Video Meets Facebook’s Mobile News Feed: the Ultimate Test

GREE reaches campaign goals through video ads

Mobile advertising is a balancing act. On the one hand, brands have the opportunity to reach prospects anywhere — at the gym, during a coffee break, and on morning commutes. The challenge, however, is that audiences have competing priorities. Human attention spans, over the years, have become shorter and shorter. Your company needs a high-impact way to make an instant connection.

That’s why video is invaluable for Facebook advertisers. As Mill for Business points out:

  • Videos increase people’s understanding of your product or service by 74%.
  • 75% of users visit the marketer’s website after viewing a video.
  • An average user spends 16 minutes 49 seconds watching online video ads every month.
  • Website visitors are 64% more likely to buy a product on an online retail site after watching a video.
  • 26% of Internet users look for more information after viewing a video ad.

You get the point. Video-based advertising has the potential to 1.) increase brand awareness, affinity and audience engagement, 2.) generate customer demand, and 3.) help prospects through the conversion funnel.

That’s why Facebook introduced its mobile video advertising product in late 2013.

Our Biggest Business Questions

We wanted to understand the impact of mobile video campaigns on Facebook. We focused on the following business questions:

  • Are video-based News Feed campaigns more effective than non-video campaigns?

    This question functioned as a simple A/B test. We wanted to know whether videos generated higher engagement and conversions at lower costs per acquisition (CPA)

  • Can WiFi-only ads increase conversions?

    We know that mobile users are conscious of how much bandwidth they’re using. We wanted to see if we could increase conversions by targeting users who aren’t limited by their data plans.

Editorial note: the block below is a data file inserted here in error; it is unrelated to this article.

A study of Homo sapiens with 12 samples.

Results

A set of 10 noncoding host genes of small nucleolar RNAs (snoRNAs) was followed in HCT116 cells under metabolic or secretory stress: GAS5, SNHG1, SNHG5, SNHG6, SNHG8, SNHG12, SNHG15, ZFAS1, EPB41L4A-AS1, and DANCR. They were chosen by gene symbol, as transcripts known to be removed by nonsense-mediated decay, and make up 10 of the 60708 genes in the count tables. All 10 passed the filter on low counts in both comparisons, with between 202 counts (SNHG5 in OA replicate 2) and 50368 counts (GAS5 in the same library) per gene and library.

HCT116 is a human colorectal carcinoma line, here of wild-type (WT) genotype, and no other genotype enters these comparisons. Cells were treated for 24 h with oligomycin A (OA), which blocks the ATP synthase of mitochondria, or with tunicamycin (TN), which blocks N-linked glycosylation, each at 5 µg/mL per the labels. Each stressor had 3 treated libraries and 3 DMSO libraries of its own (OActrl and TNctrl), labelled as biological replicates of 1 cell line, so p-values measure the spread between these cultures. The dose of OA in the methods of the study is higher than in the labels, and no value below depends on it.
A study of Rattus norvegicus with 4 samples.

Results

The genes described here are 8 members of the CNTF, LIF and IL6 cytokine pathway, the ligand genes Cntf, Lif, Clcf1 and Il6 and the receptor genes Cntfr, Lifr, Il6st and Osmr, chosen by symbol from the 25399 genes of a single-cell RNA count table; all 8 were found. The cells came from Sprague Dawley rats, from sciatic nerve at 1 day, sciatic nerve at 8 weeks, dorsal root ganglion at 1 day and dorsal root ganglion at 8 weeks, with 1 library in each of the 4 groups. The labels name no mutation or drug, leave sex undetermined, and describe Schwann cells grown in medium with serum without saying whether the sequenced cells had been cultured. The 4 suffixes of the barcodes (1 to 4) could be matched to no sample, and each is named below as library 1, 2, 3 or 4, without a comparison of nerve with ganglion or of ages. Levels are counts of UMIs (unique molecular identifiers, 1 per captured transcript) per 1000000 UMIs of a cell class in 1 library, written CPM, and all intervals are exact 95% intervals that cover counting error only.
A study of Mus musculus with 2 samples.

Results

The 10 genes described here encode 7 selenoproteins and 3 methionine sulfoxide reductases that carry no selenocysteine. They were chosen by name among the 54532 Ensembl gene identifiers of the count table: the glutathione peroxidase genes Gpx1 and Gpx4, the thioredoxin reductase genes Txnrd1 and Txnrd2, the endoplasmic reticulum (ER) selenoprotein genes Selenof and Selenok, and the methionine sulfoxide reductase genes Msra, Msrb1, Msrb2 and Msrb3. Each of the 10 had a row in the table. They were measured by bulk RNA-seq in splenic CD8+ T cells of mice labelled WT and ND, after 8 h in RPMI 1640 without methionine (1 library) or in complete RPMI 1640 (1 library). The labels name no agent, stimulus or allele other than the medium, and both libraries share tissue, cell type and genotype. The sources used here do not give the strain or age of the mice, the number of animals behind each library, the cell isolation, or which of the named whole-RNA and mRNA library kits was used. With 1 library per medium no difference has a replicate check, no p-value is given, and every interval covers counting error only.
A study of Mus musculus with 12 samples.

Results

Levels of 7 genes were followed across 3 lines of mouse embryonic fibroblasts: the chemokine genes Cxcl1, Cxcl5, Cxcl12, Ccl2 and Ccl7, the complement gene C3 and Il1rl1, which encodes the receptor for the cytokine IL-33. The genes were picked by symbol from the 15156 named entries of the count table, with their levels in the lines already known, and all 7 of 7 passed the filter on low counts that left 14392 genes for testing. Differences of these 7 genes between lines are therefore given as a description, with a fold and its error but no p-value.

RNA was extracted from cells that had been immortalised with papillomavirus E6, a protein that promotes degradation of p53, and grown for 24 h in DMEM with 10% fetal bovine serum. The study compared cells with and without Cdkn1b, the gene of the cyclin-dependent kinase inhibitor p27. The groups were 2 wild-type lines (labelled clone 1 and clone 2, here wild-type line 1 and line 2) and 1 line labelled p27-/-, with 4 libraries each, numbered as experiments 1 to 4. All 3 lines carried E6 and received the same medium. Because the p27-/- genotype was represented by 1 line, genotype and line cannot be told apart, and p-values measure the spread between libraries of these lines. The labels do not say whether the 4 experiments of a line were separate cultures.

Our first test was with GREE, the global leader in free-to-play mobile gaming. We suspected that showing audiences a game trailer would pique interest and increase engagement.

The Methodology

To answer our questions, we set up a total of three ad sets (campaigns). We prioritized device-level targeting and then created sub-groups to include our test variations. Here is a diagram that explains the campaign structure:

Device Type Click-through Rate Change Conversion Rate Change CPI Change
Android Video only for Wifi -15% 8% -14%
Video* -13% 22% -15%
Non-Video Baseline Baseline Baseline

The Results

We want to emphasize the following highlights using Non-Video ads as the baseline comparison:

  • When video was added to the Android campaign it resulted in an increase of 22% in conversion rate. The CPI changed favourably as well with a decrease of 15% from the baseline.
  • WiFi ads with video outperformed all groups, in terms of volume, making up the majority of video conversions. With WiFi added in, there was a lift of 8% against the baseline. The addition of WiFi lowered CPI 14% from the baseline.
  • There is a decrease in click-through rate when a video is added, however the users that click are of a higher quality. The significant increase in conversion rate and a lowered CPI outweigh this decrease.

What We Learned

Here are the takeaways from this test:

  • It’s important to include WiFi-only ads, likely because users are hesitant to download games on their expensive data plans.
  • Android devices are great for testing—video ads are comparatively less expensive than their iOS counterparts.
  • WiFI is especially important when trying to control CPI.

Advertisers need to decide what a user is worth to them. This factor depends on recurring revenue and long-term user value, or LTV. Mobile video has the potential to be more cost-effective than image-based advertising.

Remember that at the end of the day, cost is only one side of the equation. Test your campaigns to see what revenue you’re able to generate in the long-haul.  Make sure to deploy strategies, like videos, to increase performance.